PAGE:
Suffering and the Sovereignty of God contains essays from John Piper, Stephen F. Saint, Carl F. Ellis Jr., David Powlison, Dustin Shramek, and Joni Eareckson Tada. Each contributor paints a picture of who God is amidst suffering. The book includes three sections to form a mosaic of how God works in human suffering. The first section discusses God's sovereignty in suffering. Next, the authors unpack the purposes of God in suffering. The final three chapters look at God's grace in suffering.
Some of the questions that the authors tackle include:
Most of the chapters in this book come from the 2005 Desiring God National Conference, which shared the same theme as the title.
Albert Mohler notes, "John Piper and friends tackle some of the hardest and most significant issues of Christian concern, producing one of the most honest, faithful, and helpful volumes ever made available to thinking Christians."
Whether a person is in the darkness of suffering or struggling with the latest heartbreaking news, these essays help illuminate hardship while affirming central tenets of who God is.
John Piper, together with several respected Christian leaders, wrote Suffering and the Sovereignty of God to address one of the most challenging questions of our age. How can God be sovereign and good while we still see incredible evil?
The authors invite the reader into an anthology of essays presented at the 2005 Desiring God Conference. The articles represent the best of applied theology derived from lived experience. The reader will experience tough conversations about a good God.
Piper sets the tone for the book with an essay entitled "Suffering and the Sovereignty of God: Ten Aspects of God's Sovereignty over Suffering and Satan's Hand in It." He makes clear that God never loses control.
As Piper was close to completing the book, he and another contributor, David Powlison, were diagnosed with prostate cancer. In light of this news, they added appendices called "Don't Waste Your Cancer."
Numerous books attempt to tackle this complex subject. However, not only do Piper and his colleagues present sound theology on the topic, they do so in such a way that the reader can learn to live in these truths.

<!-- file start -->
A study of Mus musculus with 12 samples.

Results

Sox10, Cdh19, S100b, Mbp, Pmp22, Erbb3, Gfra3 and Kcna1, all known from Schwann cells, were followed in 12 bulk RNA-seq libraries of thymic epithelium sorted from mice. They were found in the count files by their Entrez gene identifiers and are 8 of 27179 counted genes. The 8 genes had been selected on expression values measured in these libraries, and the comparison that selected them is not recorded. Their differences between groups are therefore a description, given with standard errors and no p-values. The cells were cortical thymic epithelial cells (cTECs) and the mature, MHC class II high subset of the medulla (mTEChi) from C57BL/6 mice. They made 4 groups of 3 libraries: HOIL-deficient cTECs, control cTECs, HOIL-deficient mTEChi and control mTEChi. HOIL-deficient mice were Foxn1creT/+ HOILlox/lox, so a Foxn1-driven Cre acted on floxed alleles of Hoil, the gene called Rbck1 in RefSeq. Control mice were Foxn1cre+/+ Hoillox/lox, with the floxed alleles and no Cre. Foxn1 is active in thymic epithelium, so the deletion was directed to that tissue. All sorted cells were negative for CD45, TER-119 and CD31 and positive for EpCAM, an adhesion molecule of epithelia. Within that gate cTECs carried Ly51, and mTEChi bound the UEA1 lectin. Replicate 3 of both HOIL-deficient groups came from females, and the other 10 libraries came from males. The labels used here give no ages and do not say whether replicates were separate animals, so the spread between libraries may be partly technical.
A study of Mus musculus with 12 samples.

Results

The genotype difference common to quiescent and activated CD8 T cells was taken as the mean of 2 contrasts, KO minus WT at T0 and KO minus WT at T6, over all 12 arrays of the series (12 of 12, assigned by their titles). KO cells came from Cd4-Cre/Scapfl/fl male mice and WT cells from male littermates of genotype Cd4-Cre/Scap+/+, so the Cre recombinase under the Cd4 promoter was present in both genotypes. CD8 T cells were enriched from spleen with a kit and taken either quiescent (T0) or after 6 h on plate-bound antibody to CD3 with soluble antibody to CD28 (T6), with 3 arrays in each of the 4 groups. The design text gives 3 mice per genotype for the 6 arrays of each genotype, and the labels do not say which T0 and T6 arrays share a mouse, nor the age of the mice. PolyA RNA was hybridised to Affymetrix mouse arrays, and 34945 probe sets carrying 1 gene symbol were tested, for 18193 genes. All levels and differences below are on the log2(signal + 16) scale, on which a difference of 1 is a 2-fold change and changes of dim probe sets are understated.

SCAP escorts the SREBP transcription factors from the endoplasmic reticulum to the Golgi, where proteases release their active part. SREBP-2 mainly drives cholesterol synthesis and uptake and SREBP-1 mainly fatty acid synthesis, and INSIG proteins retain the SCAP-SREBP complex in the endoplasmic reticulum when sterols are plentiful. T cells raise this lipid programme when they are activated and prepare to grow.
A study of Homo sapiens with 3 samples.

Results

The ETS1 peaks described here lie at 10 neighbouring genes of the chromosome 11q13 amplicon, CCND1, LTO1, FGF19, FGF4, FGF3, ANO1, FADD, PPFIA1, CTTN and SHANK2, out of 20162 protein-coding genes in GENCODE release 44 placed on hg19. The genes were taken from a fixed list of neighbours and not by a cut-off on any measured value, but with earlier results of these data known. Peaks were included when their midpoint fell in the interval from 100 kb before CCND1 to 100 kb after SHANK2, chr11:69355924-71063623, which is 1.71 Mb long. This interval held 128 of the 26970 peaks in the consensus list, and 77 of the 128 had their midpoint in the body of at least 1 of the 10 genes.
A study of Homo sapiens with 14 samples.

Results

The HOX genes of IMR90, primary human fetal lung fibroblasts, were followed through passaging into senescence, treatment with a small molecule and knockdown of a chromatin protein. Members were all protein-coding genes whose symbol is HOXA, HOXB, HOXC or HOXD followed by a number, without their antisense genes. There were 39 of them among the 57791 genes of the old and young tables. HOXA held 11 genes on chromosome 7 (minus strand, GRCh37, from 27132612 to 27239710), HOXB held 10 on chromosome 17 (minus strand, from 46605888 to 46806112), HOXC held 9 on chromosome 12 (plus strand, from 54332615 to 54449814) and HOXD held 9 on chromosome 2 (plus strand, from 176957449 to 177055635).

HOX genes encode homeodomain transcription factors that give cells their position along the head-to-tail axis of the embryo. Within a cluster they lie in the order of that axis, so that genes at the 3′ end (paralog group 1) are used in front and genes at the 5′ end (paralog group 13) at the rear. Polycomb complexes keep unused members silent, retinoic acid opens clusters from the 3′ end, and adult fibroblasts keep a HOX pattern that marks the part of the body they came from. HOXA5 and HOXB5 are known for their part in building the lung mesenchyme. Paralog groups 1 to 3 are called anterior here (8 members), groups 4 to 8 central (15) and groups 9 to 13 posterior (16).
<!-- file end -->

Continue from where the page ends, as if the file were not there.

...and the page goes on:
“Scripture holds human beings to be acting responsibly when God foreknows what they will choose, and even when it says or implies that God has predestined or foreordained what they will choose.” (Page 50)
“It should be beyond all doubt that no one suffers anything at anyone else’s hand without God having ordained that suffering.” (Page 71)
“In other words, it was not sinful or wrong for Job to claim that God had a sovereign, ordaining hand in these evils. God did not do them; Satan did. But the evils that Satan did, he did only with God’s permission, which the Scriptures themselves imply amounts to God’s foreordination. Satan did these things to harm Job, but God ordained them for his own glory and ultimately for Job’s good.” (Page 64)
“In chapter 3 John Piper argues that the ultimate biblical explanation for the existence of suffering is so that ‘Christ might display the greatness of the glory of the grace of God by suffering in himself to overcome our suffering.” (Page 12)
“So open theists insist that God cannot foreknow the future, if humans are to be free and responsible beings” (Page 50)
A collection of experienced authors led by John Piper have contributed to this anthology, Suffering and the Sovereignty of God. This book aims to provide an applied theology of suffering; it is not hypothetical.
These authors presented different perspectives on these age-old questions. Through this book, they wrestle with fundamental questions, such as how God's sovereignty relates to Satan's work or human agency, what is the relationship between suffering, sovereignty, and the church, and others. This anthology is for anyone who has been haunted by these questions after facing or witnessing incredible hardship.
The authors do not set out to write an academic tome on suffering; instead, they intend to draw people into profound truths in a careful, convicting, and pastoral way. The introduction summarizes their approach: "While the contributors to this book are all united in their theology of God's sovereignty over suffering, they each approach the topic from a different angle. To use an analogy, there is one diamond, but it can be viewed from multiple perspectives. You don't need to read this book cover to cover. We encourage you to start with a section that addresses your most pressing questions."
Suffering and the Sovereignty of God will help the reader to find comfort even in the most challenging situation.